One For All By Lillie Lainoff is a fantastic gender-bent Musketeer’s story. Tania de Batz is the chronically ill daughter of a former Musketeer- and she’s seeking answers for his death.
Tania de Batz is most herself with a sword in her hand. Everyone in town thinks her near-constant dizziness makes her weak, nothing but “a sick girl”; even her mother is desperate to marry her off for security. But Tania wants to be strong, independent, a fencer like her father—a former Musketeer and her greatest champion.
Then Papa is brutally, mysteriously murdered. His dying wish? For Tania to attend finishing school. But L’Académie des Mariées, Tania realizes, is no finishing school. It’s a secret training ground for a new kind of Musketeer: women who are socialites on the surface, but strap daggers under their skirts, seduce men into giving up dangerous secrets, and protect France from downfall. And they don’t shy away from a swordfight.
With her newfound sisters at her side, Tania feels for the first time like she has a purpose, like she belongs. But then she meets Étienne, her first target in uncovering a potential assassination plot. He’s kind, charming, and breathlessly attractive—and he might have information about what really happened to her father. Torn between duty and dizzying emotion, Tania will have to lean on her friends, listen to her own body, and decide where her loyalties lie…or risk losing everything she’s ever wanted.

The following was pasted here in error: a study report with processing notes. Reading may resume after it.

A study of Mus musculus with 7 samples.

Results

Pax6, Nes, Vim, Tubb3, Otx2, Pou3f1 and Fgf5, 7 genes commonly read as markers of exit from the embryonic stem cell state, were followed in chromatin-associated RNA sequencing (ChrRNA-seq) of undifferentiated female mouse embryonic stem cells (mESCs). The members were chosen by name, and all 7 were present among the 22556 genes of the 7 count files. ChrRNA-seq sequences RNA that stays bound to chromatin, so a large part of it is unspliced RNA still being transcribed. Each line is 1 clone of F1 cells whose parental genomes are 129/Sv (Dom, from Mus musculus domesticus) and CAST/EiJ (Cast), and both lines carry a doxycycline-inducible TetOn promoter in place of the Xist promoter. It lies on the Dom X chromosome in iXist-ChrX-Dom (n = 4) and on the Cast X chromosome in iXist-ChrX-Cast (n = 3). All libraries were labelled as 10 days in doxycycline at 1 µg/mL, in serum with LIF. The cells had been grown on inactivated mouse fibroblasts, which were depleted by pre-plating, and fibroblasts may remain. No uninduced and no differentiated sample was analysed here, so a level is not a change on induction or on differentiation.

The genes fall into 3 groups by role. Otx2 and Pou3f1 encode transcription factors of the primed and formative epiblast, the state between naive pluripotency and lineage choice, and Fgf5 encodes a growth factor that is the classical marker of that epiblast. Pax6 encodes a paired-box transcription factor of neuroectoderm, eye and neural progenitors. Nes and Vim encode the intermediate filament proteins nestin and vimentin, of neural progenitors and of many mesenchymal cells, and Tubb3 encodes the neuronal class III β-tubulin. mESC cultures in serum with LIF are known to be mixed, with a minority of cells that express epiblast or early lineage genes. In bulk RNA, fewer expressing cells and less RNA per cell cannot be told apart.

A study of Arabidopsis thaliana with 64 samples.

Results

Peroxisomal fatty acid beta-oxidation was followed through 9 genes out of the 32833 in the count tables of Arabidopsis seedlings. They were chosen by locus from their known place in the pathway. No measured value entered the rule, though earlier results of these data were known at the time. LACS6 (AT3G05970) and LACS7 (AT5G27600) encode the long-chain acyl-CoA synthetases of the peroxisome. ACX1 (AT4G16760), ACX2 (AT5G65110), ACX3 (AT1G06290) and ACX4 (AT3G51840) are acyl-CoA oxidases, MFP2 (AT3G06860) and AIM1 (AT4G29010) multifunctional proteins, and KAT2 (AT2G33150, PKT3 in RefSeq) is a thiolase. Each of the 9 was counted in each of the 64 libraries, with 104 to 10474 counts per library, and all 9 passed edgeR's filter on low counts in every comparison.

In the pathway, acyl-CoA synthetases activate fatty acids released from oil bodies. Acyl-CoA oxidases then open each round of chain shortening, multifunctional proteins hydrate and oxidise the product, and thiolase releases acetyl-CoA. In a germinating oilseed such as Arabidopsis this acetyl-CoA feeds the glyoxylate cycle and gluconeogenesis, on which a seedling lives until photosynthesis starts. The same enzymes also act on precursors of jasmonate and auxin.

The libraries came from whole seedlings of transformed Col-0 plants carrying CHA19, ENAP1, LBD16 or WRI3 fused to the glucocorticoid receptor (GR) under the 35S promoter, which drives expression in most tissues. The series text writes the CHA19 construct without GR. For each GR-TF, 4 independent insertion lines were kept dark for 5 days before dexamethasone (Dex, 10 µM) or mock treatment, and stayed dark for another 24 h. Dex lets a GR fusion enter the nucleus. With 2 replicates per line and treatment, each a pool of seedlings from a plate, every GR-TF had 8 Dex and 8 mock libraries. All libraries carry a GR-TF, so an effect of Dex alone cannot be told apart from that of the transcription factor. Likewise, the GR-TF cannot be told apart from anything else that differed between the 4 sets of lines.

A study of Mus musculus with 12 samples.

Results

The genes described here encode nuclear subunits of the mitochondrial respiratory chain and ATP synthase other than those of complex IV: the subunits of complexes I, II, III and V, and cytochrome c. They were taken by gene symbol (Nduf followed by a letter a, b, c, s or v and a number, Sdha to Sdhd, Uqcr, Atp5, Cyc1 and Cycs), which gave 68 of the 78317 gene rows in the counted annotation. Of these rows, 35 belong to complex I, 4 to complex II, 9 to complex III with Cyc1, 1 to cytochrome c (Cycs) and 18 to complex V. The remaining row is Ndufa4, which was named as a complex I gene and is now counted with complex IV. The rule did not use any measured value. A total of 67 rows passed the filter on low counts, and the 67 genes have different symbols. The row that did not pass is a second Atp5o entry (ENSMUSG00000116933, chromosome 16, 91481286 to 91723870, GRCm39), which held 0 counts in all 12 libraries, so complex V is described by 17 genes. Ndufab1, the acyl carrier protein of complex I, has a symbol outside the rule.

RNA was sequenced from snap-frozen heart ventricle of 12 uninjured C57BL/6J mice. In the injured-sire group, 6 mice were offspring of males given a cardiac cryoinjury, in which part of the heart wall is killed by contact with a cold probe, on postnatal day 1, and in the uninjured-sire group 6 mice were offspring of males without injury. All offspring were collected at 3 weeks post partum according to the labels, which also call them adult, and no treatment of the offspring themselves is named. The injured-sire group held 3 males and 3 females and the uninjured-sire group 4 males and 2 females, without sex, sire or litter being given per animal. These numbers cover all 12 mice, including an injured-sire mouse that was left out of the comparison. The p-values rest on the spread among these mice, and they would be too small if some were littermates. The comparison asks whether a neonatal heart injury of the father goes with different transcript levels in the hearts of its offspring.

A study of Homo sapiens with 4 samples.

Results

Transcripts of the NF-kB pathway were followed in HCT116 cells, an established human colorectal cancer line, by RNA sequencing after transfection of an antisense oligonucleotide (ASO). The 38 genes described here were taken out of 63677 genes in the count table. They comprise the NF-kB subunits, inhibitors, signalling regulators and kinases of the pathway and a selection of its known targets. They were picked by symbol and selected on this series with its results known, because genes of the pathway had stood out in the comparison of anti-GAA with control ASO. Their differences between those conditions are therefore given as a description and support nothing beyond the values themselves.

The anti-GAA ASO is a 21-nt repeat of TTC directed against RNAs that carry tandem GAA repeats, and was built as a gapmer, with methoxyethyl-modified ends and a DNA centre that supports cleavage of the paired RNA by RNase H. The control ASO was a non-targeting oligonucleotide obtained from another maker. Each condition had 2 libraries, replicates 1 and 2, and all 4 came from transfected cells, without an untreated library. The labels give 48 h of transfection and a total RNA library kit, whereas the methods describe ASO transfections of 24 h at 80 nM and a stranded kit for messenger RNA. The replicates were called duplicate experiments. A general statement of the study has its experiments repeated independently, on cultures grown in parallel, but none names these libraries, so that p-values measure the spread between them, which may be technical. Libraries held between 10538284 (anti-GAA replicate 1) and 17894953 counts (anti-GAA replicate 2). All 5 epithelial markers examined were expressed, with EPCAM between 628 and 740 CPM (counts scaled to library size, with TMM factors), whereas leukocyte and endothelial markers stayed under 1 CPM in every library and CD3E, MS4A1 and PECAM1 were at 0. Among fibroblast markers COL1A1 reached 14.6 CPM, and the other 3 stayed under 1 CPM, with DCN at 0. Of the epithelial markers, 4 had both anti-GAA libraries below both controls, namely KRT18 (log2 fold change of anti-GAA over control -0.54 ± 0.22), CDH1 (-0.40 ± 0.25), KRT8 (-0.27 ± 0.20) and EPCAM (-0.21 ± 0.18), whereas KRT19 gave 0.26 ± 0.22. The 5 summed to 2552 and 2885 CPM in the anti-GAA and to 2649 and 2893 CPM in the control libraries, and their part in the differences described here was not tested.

This debut novel is a fierce, whirlwind adventure about the depth of found family, the strength that goes beyond the body, and the determination it takes to fight for what you love.
All quotes are from an advanced reader copy, and may or may not reflect the published edition.
“I would’ve laughed if I didn’t feel like sobbing- here I was imagining a boy’s face on the opposite end of my sword. I wasn’t kind. I was nothing; I was an amalgamation of wrongs.”
As someone who is in the process of getting diagnosed with POTS, this story touched me. From that standpoint, the way Tania was treated (both good and bad) made me tear up. The representation here was fantastic and realistic. This is understandable, as our author also has this condition.
“We are not the ones who are writing into history. We are the ones who ensure history exists to be written. So maybe those men won’t know the trust of what that little girl grew up to be. I’m more important to France than they are – even if they don’t know it.”
The story itself was intriguing, politically fueled without being too complex and overwhelming. I adored our various girls who helped Tania, and their relationships as well. While I’ve never read the original musketeers, I have seen movies and the like. This still had that same air of adventure. The idea of women having a somewhat secret version of the Musketeers was a fantastic one, and I enjoyed the concept.
“That must be hard: the uncertainty of going to sleep and not knowing what it’ll be like when you wake up.”
I suppose my only takeaways, and the reason for this being 4 stars instead of 5, was a mix of the pacing and the consistent use of untranslated French. The French wasn’t necessarily an issue for me personally, as I have studied the basics of it, but at times I did still find it irritating to have to look for context clues for translation. The pacing felt a bit choppy, and it made it difficult to stay in the story.
“They may not be the Musketeers I’d imagined. But they were better, because they were mine. And I knew, as I looked at them and saw the cold steely resolve inside me mirrored in their eyes, that I was theirs.”
Thank you to Netgalley and the publisher for giving me a copy of this book in exchange for an honest review.